Commercial Refrigeration Design & Construction
Purchasing a commercial refrigerator can be a difficult task, since you have to determine which type of commercial refrigeration fits your needs, what capacity is required, and where in your workflow it should be installed. In order to choose the best commercial refrigerator for your business, it will also benefit you to understand the materials commonly used in the interior and exterior construction of commercial refrigeration units, as this can affect the unit's durability, maintenance requirements, and price point.
Metals Used in Commercial Refrigeration
There are several types of metal commonly used in the construction of commercial refrigeration, including aluminum, cast iron, chrome, copper, and steel. The two types of metal most often used on the interior and exterior of refrigeration equipment are aluminum and steel. These metals are made in multiple grades, or series, each of which contains different components that determine the metal's properties.
Aluminum vs. Steel
Types of Aluminum
According to the Aluminum Association, aluminum alloys can be divided into three categories: commercially pure aluminum, heat-treated alloys, and non-heat-treated alloys. Aluminum alloys are created by adding certain elements (copper, iron, magnesium, manganese, and zinc) to an aluminum base. The resulting alloys are stronger than commercially pure 1100 aluminum, making them better suited for manufacturing commercial equipment that needs to stand up to use in hectic foodservice operations.
In refrigeration, non-heat-treated 3003 and 3004 aluminum alloys are used, as is anodized aluminum, which is given a more durable finish with a layer of protective oxidation.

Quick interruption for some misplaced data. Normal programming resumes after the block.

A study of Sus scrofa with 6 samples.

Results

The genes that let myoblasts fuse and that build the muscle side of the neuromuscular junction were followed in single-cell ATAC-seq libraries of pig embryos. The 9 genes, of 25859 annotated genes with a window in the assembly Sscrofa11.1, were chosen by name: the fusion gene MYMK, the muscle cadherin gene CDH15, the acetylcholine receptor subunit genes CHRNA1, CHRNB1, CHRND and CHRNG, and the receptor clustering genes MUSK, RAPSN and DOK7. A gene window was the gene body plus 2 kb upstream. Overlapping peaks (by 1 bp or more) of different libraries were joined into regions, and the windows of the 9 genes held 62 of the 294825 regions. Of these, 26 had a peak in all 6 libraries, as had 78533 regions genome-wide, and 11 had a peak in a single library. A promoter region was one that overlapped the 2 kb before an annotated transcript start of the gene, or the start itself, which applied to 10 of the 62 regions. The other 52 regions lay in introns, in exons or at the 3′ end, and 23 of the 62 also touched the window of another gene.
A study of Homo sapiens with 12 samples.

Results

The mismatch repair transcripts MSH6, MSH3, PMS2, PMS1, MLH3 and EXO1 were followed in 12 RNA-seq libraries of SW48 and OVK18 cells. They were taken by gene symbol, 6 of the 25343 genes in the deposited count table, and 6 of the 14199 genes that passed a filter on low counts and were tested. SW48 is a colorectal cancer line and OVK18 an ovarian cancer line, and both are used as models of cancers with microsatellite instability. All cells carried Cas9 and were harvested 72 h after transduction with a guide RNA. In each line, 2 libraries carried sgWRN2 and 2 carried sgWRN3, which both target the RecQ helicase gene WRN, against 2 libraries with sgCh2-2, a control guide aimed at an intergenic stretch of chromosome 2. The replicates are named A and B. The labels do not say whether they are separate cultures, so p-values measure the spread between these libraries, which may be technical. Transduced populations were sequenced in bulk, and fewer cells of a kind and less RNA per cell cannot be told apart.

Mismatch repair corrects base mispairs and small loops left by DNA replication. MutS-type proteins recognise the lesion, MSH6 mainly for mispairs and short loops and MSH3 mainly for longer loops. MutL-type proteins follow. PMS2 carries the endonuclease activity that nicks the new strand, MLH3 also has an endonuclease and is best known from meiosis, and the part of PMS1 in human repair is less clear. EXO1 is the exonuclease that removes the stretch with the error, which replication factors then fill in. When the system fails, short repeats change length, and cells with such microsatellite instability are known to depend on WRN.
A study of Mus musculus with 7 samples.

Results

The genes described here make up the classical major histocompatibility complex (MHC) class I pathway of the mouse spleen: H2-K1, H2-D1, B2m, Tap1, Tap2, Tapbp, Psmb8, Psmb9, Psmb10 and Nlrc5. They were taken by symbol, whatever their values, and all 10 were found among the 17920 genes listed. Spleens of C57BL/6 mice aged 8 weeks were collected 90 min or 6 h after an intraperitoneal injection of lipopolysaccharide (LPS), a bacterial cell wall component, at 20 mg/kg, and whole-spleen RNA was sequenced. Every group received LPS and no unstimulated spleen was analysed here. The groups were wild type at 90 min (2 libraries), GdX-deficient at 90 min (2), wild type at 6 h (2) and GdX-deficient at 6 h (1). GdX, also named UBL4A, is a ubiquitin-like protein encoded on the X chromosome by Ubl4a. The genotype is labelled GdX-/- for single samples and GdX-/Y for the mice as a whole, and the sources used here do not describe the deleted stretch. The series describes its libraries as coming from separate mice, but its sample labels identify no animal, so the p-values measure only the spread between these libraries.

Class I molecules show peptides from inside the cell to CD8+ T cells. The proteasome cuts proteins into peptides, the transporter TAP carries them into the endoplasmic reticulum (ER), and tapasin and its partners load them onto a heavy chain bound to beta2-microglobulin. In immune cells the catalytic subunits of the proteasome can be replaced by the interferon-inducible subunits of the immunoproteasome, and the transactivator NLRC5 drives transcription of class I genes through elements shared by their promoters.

Types of Steel
The most common type of steel used in commercial refrigeration construction is stainless steel. This includes 300-series stainless steel, an austenitic alloy of at least 16 percent chromium, no more than 0.15 percent carbon, and nickel, and 400-series stainless steel, which is made with a larger amount of carbon. The more carbon a stainless steel grade contains, the stronger it is. The most commonly used types of stainless steel for refrigeration equipment are 304, 316, and 430.
Another type of steel found in commercial refrigeration is galvanized steel, a metal created by coating regular steel with zinc. Galvanized steel is not as strong as stainless steel, so it is frequently only used on the less vulnerable sections of a unit's exterior, such as the top, bottom, and back.
Chrome, copper, and cast iron, an iron-carbon alloy, are used in the manufacturing of components found within commercial refrigeration units. For example, some systems use cast iron evaporators, shelf clips may be plated in chrome, and copper may be used for tubes and wiring.
To learn more about the maintenance requirements and manufacturing methods for the metals discussed here, check out our general guide to food-grade metals.
Some manufacturers use ABS plastic, a lower-cost material that offers impact and corrosion resistance but is not as durable as aluminum or steel. ABS is often used in foodservice applications, but in refrigerated units, you will find it used for interior cabinet and door liners.
Many of the racks and shelves that come standard with commercial refrigeration equipment are made of a metal that has been coated in PVC, polyethylene, epoxy, or another plastic so they are easier to clean.
Refrigeration units are usually insulated with foamed-in-place polyurethane, a polymer that does not contain now-banned CFCs (chlorofluorocarbons). The amount of the high-density insulation provided varies among manufacturers.